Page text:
Must be desperate times for the GOP

 
 
Published9/16/2007 6:04 AM

There is an amendment in a bill before Gov. Rod Blagojevich that I would call the DuPage County GOP panic pact.

The amendment would alter the election code to change the minimum nomination petition signature requirement for county offices in DuPage County to 1.5 percent of voters from 0.5 percent of voters.

 

And who wants to make it three times harder for people to become candidates for county offices -- and only in DuPage County?

None other than state Sen. Dan Cronin, who also happens to be the new chairman of the DuPage County Republican Party. This is his amendment.

You know it won't be entrenched Republicans in a still-sturdy GOP county that will have trouble meeting a higher threshold for eligibility for county office. No, this seems aimed at Democrats, who are becoming more popular among DuPage County voters.

Now I used to think the DuPage Democrats were causing a little bit of flutter in Republicans' stomachs.

But you have to have a stomach. And this is gutless, when you have to change the law to gain political advantage. And to single out DuPage County smacks of special legislation that is presumably unconstitutional in this state.

What, DuPage County Republicans can't say: "Bring it on Democrats; we are confident we can still beat you with good candidates, with persuasive candidates? We don't care if you can become eligible for election with 10 signatures on your petitions. It doesn't matter to us. We beat you before, and we will beat you again and again."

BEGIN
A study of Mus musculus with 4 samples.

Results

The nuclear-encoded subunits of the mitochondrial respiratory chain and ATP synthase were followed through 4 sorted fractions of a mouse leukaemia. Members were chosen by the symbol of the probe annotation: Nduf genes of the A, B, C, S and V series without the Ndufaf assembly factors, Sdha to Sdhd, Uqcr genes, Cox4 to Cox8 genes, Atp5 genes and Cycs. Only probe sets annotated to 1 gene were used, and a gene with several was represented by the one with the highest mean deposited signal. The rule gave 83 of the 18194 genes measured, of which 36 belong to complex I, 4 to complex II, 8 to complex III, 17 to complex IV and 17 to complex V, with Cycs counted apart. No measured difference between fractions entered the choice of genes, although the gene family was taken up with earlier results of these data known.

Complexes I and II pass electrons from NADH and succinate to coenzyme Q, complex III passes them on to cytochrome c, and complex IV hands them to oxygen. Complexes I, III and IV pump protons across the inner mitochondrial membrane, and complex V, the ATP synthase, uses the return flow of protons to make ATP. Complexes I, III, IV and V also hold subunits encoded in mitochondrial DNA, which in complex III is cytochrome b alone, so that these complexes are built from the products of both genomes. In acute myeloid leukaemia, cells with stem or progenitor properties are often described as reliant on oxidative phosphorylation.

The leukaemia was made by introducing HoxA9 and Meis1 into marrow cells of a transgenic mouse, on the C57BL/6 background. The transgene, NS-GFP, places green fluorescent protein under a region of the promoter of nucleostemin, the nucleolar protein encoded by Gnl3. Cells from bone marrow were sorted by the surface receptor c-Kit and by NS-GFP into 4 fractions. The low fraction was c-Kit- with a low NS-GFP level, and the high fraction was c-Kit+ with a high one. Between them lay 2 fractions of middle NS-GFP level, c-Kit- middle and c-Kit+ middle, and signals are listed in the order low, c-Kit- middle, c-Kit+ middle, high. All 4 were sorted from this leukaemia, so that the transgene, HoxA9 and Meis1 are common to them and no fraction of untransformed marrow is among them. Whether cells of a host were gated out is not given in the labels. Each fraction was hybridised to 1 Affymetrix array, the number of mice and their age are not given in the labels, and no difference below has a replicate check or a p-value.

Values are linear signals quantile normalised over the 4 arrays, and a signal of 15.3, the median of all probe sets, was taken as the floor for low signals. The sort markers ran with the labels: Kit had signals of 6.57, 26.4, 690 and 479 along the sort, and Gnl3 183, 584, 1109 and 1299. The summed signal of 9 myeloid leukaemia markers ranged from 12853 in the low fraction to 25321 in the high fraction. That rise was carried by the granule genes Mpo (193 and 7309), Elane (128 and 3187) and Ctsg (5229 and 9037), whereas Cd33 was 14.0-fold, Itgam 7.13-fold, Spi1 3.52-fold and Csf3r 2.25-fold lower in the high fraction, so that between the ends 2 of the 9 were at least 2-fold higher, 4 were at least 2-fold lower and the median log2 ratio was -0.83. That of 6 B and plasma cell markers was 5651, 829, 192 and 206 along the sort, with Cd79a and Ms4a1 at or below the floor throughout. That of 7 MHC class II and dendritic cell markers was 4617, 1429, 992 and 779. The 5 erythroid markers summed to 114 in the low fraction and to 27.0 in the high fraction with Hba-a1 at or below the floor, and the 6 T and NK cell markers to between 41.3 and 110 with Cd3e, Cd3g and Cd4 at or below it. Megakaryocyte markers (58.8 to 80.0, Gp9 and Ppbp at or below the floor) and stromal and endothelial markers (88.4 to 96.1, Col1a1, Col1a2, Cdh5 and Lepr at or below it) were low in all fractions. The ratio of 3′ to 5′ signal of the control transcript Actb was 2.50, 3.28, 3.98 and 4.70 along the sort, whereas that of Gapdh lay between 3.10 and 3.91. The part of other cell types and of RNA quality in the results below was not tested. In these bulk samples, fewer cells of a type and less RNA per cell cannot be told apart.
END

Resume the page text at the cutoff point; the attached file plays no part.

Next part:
But is that so frightening to throw DuPage County Republicans into such a panic that they must have political protectionist legislation passed in a brazen attempt to try to keep Democratic candidates from getting their names on the ballot? And keep in mind, none of the Democratic candidates for county board in 2006 won.

Yet maybe what's scaring them is the fact that Democrats are longer doomed to lose in DuPage County.

The person who got the most votes overall in DuPage County in the 2006 general election was a Democrat -- Illinois Attorney General Lisa Madigan. The candidate with the second most votes was also a Democrat -- Illinois Secretary of State Jesse White.

And remember, Tammy Duckworth nearly defeated Rep. Peter Roskam for Henry Hyde's former U.S. House seat.

Maybe the motivation is to try to cut Democrats off at the petition pass so there will be that many fewer of them getting a potential big boost in the upcoming primary if Democratic Sen. Barack Obama manages to bring out a strong vote in his favor in his campaign for president.

                                                                                                                                                                                                                       
 

Maybe, too, this is aimed at third parties, such as the Green Party. To make sure candidates of this party -- who have more trouble gathering a sufficient number of petition signatures than Republicans or Democrats -- don't pose a threat or drain off votes from Republicans, to the Democrats' advantage. Or maybe this is about not only thwarting Democrats and third parties, but also stopping maverick Republicans from getting on the ballot, to preserve GOP incumbency.

But whatever fear the DuPage County GOP has of political opposition should be channeled into campaigning that much harder. Not by tinkering with the election code, which makes them look timid and desperate.

Blagojevich should use his amendatory veto power to strike this amendment. He has no reason to be mad at Democrats in DuPage County and every reason to disappoint Cronin by not letting him get away with this stunt.